By Dr Harry Hagopian, Middle East North Africa (MENA) Consultant
The latest opinion piece from our consultant on the Middle East North Africa (MENA) region, Dr Harry Hagopian recalls ‘The Six-Day War’ of 1967 and the subsequent 48 years of Arab-Israeli tension, conflict and occupation. Originally published on Dr Hagopian’s website epektasis.net.
It was the French philosopher Albert Camus who once wrote that you cannot create experience, you must undergo it. I recalled his words yet again earlier this week when I read Hisham Melhem’s powerful reflections on the Naksa – setback is as good a translation as any – of 1967 and its spill-over into MENA region.
Hisham Melhem’s piece shook my imagination enough that I too started thinking of my own experiences stretching back to June 1967 and to what my generation has grown up to call – numbly – ‘The Six-Day War’.
I was a mere toddler hardly out of diapers when the six-day war of June 1967 broke out. My mum, dad and I were living in our home in Ramallah at the time. I was too young to recall all the hype that preceded the war although my grandfather briefed me on them as I grew older. The expectations in 1967 – not unlike 1948 and 1956 in some sense – were of a resounding victory by the Arab countries. Yet, the defeat was so ignominious that huge swathes of territories – and with them the collective Arab pride – were lost as a consequence.
I can still recall the juddering sound of Jordanian Hawker Hunters as well as the supersonic Israeli Mirages in the skies of Ramallah just before the fall of the city to General Moshe Dayan’s advancing forces. My second recollection is of coming out of the house a couple of days later and examining the debris and then also of our neighbours coming out of their houses too to chat about the new occupation of Jordanian – it was not yet patently Palestinian – lands.
My third vague recollection is of a group of friends marshalling their forces to ensure that the neighbours were fine and had the basic necessities before the shops opened again. And finally, a fourth grim recollection was the sight of Israeli soldiers coming into our neighbourhood to conduct a census and also check that we did not have any guns in the house.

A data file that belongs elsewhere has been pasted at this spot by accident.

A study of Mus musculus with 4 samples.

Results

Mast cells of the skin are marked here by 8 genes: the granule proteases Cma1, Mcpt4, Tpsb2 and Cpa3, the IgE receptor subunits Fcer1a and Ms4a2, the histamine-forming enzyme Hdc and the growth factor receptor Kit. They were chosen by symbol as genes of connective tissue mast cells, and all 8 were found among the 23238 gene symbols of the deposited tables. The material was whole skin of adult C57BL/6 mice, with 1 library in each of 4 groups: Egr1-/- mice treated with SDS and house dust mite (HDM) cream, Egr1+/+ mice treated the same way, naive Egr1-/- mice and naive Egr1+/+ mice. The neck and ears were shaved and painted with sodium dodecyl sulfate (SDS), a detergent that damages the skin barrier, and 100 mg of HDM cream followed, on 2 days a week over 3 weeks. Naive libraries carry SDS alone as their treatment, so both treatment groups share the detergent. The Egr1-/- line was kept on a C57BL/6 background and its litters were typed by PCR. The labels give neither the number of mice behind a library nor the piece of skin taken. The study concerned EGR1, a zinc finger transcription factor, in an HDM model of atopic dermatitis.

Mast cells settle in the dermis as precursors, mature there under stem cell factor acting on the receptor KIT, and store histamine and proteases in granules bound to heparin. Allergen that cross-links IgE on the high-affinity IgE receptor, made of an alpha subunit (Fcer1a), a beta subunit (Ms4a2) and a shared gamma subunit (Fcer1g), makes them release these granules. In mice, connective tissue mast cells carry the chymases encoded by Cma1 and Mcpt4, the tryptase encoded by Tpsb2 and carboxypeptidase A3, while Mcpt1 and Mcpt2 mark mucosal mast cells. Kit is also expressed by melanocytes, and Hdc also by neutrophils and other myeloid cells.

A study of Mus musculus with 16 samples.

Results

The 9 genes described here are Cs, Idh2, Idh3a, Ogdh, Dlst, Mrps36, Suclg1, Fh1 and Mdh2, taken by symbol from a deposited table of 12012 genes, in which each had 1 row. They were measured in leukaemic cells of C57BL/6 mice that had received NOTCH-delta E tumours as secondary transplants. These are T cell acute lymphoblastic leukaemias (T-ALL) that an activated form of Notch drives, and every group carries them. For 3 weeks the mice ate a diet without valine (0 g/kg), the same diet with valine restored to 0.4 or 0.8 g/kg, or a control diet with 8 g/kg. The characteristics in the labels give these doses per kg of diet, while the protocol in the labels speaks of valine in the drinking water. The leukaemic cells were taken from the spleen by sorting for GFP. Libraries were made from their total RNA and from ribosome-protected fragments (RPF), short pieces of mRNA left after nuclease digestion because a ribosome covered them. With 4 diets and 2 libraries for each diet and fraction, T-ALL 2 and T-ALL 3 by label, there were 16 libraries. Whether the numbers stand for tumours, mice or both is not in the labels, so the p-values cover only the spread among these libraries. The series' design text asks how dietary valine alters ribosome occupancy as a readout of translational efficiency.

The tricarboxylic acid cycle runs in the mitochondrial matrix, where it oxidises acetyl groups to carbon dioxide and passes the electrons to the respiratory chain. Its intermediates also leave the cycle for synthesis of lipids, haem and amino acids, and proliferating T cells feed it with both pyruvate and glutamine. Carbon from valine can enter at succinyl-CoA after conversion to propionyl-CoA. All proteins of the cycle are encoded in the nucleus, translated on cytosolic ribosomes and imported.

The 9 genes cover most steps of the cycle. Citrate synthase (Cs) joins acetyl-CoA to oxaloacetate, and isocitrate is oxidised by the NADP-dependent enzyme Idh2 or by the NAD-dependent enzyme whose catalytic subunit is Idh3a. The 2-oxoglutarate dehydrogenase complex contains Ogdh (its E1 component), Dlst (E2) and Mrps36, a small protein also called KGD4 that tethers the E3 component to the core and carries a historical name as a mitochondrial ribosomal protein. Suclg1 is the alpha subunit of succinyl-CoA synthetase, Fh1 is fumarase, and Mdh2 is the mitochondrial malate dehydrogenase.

48 years have already lapsed since those hazy memories intruded into my head today. Almost five decades of occupation – the longest in living memory – where the facts on the ground have altered drastically. At the start of the occupation, my grandfather reassured me later, almost everyone had expected Israel to withdraw quickly in return for a comprehensive peace with its Arab neighbours. Mind you, the political environment was not so polarised at the start of the occupation, perhaps because the novelty of the occupation had simply not sunk in yet. I recall Moshe Dayan – a renowned collector of archaeological artefacts – visiting the Palestinian Pottery (a ceramics shop run by our friends) to buy hand-crafted items and Foreign Minister Abba Eban even seeking my dad’s medical consultation in his clinic.
But that was 1967 and this is 2015! A recent ‘infographic’ posted by The Institute for Middle East Understanding reflects in stark terms the steep price of those 48 years of sordid occupation. Relying on various NGO sources, it shows that 28,000 Palestinian homes and structures were demolished, over 800,000 olive trees were uprooted, 100,000 Palestinians have been detained without trial, 525,000 Jewish settlers are living in 230 illegal settlements and there are roughly 500 checkpoints or obstacles dotted across the whole of the West Bank.
Those 48 years have also witnessed successive aborted peace initiatives – Madrid, Wye, Geneva, Indianapolis, Camp David – when Israel has become a cruel victimiser enforcing an apartheid system on an occupied people. Its laws are discriminatory and its geographical tentacles are slowly but surely robbing Palestinians of their lands and – inherently – their hopes for dignity and freedom. As a second-track negotiator during the Oslo years myself, I know that the final-status core issues included the final borders, Jerusalem, refugees, settlements and water resources. Today, they still remain unresolved and the process has turned from a hopeful cry for peace to one of dour inertia.
But it is not all the fault of Israel, is it? True, Israel is the occupier, and it bears the brunt of the responsibility according to International law and the Geneva Conventions, but Arab countries have also often misused the Palestinian conflict for their own purposes. They have traded vacuous slogans for the sake of controlling their subjects, keeping them quiescent and maintaining the pathological determination not to relinquish the reins of power – and money.
Parallel to an insidious occupation and a dysfunctional Arab reality is also the fact that the Palestinian umbilical cord holding the West Bank and Gaza together has been severed too. Neither Hamas nor the PLO, and certainly not the Palestinian Authority, are sincere about healing the internal Palestinian wounds and re-engaging seriously as one people. After all, their aspirations today are antithetical. Is it any wonder that the new Palestinian generations are seeking their vox populi and own solutions against the occupation through a rigorous system of boycotts, divestments and sanctions?
48 years: as Albert Camus opined, experience is critical. But it becomes helpless once occupation manacles freedom.